As an aspiring photographer, I was very intrigued by street photography, but I found myself lost in this world, unsure of whether or not I was taking what would be considered a good picture. And I couldn't let this hold me back, Because Street photography was something I really liked, so I started searching and learning
for tips and techniques to improve myself in this aspect. I know lots of people want to be able to get a lot more from their photos, so I would like to share with you 5 tips for better street photography.
Patience is a Virtue
Everyone expects perfection to happen instantly, but in photography, patience is definitely a virtue. I found that when I was rushing images and chasing the perfect shot, I would be left with something of which I was not proud. Instead, I would be slightly satisfied and the image would have no substance as to what I wanted to capture.
The moment patience became the forefront of my photography, I found that the images I was taking had better quality. Instead of chasing the right photograph, chase the right scene. Find your location, pick a background that suits what you're trying to accomplish, and wait for your perfect image to come to you. The moment you notice it, snap the shot.
Who Has the Most Potential?
When I consider subjects for my photos, I think of who has the most potential and can bring out the true story behind my image. I would look to babies, older people, animals, strange activities, occurrences or colors. These are the subjects that would really bring out the potential in my photos.
Make sure the subject you choose is compelling and has unique features. Ask yourself what story you want to tell with your image and who is the best choice to do so. You'll be surprised when the right subject is found and you combine this with the right composition.
Speaking of composition, leading lines, triangles, patterns, and rule of thirds
should all be taken into account when you take your photo. Here's a brief breakdown on each:
- Leading lines: These provide a way of drawing attention to your subject. These should be recognized prior to having your subject (see Patience is a Virtue).
- Triangles: No, not actual triangles. In composition, triangles are essentially a way of grouping three points of an image and positioning them in a way to help portray certain feelings.
- Patterns: You can find patterns everywhere and they can help you highlight your subject in any photo. Look for colors, lines, shapes, and tones and utilize different angles and viewpoints to see which works best.
- Rule of Thirds: When taking a photo, create guidelines to divide the scene. Think about all of the elements that are most important to the photo and mentally divide the image so those elements match with your imaginary grid to make your image more engaging and balanced.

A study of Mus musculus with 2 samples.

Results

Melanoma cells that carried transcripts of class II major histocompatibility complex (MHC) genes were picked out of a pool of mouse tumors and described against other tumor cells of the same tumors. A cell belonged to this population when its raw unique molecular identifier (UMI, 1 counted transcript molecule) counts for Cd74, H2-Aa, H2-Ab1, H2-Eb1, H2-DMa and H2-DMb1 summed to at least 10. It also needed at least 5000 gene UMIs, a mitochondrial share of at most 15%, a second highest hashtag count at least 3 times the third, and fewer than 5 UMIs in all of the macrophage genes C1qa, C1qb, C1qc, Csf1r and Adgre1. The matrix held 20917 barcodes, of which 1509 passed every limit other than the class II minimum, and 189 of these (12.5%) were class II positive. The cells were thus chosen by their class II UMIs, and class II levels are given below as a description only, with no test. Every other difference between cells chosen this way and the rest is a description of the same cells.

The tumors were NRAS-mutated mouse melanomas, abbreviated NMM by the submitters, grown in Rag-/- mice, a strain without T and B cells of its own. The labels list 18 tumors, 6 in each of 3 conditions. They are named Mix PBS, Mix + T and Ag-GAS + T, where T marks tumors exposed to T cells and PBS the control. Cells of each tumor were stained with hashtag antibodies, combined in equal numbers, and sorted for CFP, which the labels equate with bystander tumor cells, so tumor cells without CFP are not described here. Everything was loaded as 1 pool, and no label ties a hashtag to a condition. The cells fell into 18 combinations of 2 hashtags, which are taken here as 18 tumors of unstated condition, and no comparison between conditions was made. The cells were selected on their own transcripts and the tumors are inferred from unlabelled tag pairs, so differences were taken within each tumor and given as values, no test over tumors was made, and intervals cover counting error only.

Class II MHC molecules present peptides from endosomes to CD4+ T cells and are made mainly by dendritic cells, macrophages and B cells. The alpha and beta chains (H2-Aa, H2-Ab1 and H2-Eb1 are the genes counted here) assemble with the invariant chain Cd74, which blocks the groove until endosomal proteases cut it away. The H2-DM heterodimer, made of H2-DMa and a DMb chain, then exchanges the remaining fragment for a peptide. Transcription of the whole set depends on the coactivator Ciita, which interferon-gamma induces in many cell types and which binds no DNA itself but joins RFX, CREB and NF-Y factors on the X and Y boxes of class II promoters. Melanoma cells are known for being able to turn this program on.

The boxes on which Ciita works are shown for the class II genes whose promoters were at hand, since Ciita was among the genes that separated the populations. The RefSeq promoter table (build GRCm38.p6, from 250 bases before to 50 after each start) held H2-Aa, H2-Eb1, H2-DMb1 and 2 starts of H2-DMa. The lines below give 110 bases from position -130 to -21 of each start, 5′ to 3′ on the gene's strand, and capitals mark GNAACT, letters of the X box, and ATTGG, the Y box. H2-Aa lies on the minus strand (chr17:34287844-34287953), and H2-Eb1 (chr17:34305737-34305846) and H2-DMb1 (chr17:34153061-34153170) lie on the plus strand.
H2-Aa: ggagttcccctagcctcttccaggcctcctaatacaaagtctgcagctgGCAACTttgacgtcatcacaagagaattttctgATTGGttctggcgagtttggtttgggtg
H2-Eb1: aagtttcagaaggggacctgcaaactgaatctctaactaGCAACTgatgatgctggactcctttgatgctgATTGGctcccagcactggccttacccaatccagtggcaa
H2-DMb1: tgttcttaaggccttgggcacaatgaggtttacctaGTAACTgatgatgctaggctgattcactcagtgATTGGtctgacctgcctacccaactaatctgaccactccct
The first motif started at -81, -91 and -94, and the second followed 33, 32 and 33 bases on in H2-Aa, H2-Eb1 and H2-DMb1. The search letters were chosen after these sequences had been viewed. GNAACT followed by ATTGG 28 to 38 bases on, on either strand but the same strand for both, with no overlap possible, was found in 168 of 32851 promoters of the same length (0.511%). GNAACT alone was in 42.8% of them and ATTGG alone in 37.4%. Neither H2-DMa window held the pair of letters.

Don't Be Afraid to Get Closer
When it comes to photography, it's all in the details. Which is one way of saying get closer to your subject. Getting in closer to your subject allows you to show every detail
- color, curves, and patterns. You can show the true beauty in everyday items such as paintings, flowers, and unique structures.
The closer you can get, the more personal your images feel, so don't be afraid to move in for that shot!
Best Way to Set Your Camera for Beginners
You know those little settings on the camera that you probably don't know much about? They are actually pretty important for those aspiring to be photographers because they help you create the perfect shot given your circumstances at the time. Here is some information on the settings you may notice:
- Auto or Manual Focus: When you choose automatic focus, the camera will do the job of finding the right spot in frame to focus on when you take the photo. When you have the setting to manual, you will be in control of the focus ring and choose the parts of your scene on which you want to focus. If you're new to photography, you may want to consider letting your camera do the work before you switch over to manual mode.
- Shutter Speed Priority: This is a perfect mode for when you're shooting action or moving subjects. This mode will appear as S or TV on your mode wheel and it will allow you to pick a slower speed (1/15s) or faster speeds (1/500s) depending on the subject. For something like running water, a faster shutter speed will freeze the movement, while a slower shutter speed will give the water a smoother, silky appearance.
- Aperture Priority: This shows as A or AV on your mode wheel and allows you to determine the amount of light that passes through the lens's diaphragm. You typically change this based on the scene you're shooting; for instance, portraits should have an aperture between F1.4 and F5.6, while landscapes should use higher F numbers like F8-F11 and even higher (if your camera has it) for the best sharpness.
- ISO: The faster the ISO speed, the brighter the images become, but they can also become grainy. As such, beginners should probably leave ISO on auto to ensure the best image possible.
Remember, street photography should be fun; it should be something you enjoy doing. I hope these tips help you the way they helped me. Above all else, simply enjoy what you do and the perfect shot will come to you!